Purina and GoFundMe team up to build, improve dog parks
Dog parks benefit the physical and mental health of both pets and people.
The Purina Beneful Dream Dog Park Project team announced plans to help more than a dozen communities in their effort to improve or build local dog parks. The team will provide a mix of financial support, hands-on volunteerism and other resources.
Beneful is collaborating with crowdfunding site GoFundMe to raise funds for and awareness of dog parks. People seeking to build or improve a dog park can post their project to GoFundMe. Each month a different project will be featured by Beneful. The first project to be featured seeks to expand the Frenchtown Dog Park in south St. Louis. Beneful will provide matching donations up to $7,500 until June 30 to help the organization reach its total goal of raising $15,000.
“Beneful has been supporting dog parks since 2010, and in the past six years, we’ve learned a lot about the positive impact dog parks have on communities by experiencing it first-hand with our own four-legged friends,” Brent Gleckler, Beneful brand director, said in a press release. “That’s why we’re thrilled to provide continued financial support, grow visibility of dog parks with GoFundMe, and share our expertise through this year’s expanded Dream Dog Park Project.”
The public can access planning, fundraising and building resources on the Dream Dog Park project web page.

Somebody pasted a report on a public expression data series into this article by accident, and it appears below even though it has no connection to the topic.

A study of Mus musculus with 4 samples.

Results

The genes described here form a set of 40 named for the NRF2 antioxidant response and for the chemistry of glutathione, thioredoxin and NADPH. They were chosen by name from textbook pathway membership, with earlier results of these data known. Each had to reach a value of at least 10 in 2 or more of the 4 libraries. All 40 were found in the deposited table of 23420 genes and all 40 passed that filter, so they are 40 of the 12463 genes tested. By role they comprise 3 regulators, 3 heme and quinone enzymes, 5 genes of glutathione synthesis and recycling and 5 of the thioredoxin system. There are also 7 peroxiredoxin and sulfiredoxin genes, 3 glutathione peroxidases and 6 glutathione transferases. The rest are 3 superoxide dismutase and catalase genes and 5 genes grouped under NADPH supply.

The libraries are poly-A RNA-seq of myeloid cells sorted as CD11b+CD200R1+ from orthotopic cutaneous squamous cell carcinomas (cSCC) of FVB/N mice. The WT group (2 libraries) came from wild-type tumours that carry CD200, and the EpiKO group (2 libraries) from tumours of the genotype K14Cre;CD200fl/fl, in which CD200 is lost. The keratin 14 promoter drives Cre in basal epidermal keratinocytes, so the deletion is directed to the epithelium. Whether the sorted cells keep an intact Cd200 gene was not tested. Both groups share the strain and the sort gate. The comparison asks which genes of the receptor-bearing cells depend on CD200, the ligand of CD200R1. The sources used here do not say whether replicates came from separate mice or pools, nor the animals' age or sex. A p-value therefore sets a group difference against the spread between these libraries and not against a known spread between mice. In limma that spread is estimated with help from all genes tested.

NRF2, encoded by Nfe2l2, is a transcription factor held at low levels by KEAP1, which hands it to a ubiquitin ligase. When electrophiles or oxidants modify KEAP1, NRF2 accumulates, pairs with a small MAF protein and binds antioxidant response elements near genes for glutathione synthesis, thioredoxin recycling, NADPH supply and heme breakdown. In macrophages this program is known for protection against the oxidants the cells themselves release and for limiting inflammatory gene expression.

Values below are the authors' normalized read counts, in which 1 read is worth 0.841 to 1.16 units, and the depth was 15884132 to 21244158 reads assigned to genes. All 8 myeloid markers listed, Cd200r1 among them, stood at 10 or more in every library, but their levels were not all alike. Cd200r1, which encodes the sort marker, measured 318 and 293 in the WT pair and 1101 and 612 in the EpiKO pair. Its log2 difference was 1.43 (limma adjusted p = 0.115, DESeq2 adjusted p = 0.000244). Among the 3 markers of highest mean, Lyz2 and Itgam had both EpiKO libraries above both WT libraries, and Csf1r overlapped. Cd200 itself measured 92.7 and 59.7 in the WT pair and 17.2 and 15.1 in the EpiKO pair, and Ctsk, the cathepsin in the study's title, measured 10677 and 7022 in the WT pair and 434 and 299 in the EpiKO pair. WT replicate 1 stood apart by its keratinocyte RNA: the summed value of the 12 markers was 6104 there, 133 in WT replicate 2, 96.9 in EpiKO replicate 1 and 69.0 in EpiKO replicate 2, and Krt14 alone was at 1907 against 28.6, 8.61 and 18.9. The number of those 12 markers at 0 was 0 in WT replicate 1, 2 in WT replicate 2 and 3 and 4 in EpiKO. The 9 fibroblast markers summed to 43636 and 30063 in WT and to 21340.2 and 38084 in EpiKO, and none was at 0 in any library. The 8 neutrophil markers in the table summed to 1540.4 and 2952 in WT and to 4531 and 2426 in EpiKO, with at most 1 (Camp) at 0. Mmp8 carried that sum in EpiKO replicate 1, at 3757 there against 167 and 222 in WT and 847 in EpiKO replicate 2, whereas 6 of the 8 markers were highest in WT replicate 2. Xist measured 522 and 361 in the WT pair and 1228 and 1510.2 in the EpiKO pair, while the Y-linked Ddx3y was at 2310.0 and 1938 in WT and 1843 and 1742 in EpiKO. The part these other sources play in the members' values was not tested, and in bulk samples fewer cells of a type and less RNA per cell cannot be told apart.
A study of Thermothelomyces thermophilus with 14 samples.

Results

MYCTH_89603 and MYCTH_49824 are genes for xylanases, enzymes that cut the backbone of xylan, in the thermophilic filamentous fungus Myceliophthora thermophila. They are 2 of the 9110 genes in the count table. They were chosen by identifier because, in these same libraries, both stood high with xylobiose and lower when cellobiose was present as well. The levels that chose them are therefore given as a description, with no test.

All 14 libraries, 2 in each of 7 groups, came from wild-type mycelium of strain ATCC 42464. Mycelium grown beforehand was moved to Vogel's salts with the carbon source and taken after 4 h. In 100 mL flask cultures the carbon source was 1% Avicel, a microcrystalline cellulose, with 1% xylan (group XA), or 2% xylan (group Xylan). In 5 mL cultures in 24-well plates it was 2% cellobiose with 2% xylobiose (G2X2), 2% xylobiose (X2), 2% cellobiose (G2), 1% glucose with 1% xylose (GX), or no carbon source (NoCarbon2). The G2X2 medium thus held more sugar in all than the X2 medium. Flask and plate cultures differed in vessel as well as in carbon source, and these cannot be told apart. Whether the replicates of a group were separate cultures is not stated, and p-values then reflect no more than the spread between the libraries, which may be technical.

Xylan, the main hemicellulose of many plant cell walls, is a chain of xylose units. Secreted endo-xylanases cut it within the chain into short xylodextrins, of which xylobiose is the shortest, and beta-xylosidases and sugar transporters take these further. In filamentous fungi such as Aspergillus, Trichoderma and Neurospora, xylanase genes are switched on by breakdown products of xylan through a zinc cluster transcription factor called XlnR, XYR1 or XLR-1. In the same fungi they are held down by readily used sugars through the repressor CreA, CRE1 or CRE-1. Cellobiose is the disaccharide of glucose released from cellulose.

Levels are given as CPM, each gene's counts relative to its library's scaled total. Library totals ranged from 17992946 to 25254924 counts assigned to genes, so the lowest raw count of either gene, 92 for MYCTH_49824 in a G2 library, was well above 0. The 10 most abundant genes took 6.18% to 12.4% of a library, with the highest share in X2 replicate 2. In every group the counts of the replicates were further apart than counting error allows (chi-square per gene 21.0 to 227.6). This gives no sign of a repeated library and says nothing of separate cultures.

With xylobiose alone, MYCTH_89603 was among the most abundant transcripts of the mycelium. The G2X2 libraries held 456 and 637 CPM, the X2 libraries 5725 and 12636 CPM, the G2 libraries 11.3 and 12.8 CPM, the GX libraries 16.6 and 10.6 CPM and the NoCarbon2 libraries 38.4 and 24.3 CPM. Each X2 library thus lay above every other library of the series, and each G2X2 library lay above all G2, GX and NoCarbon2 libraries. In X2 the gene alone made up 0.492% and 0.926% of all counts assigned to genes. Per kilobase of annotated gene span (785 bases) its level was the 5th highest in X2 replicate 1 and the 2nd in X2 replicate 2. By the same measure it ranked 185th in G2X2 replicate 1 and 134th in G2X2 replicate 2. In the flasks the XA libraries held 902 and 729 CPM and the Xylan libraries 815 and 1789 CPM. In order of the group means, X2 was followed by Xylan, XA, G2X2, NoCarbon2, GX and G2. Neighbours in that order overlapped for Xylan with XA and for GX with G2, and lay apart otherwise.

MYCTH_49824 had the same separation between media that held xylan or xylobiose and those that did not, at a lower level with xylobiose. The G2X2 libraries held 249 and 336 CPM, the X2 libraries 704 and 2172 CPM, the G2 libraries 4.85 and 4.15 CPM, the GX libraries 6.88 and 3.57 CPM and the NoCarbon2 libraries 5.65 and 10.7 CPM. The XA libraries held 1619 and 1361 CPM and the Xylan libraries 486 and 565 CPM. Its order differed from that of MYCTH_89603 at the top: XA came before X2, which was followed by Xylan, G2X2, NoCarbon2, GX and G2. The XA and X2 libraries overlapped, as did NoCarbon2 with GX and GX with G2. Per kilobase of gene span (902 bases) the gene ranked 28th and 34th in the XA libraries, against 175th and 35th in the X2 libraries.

By building and improving dog parks, a community may benefit the physical and mental health of both pets and people. A study published in the journal Landscape and Urban Planning identified dog parks as the most frequent location for dogs to get exercise and socialization in the four parks studied. What’s more, human study participants considered the parks as important their own socializing and for building a sense of community.
However, these interactions can be both positive and negative. How dogs interacted with each other influenced their owners perceptions of each other in a study published in Leisure Sciences. If the dogs got along, their respective owners tended to build good relationships too. On the other hand, a negative perception of a dog often extended to the owner and lead to tensions.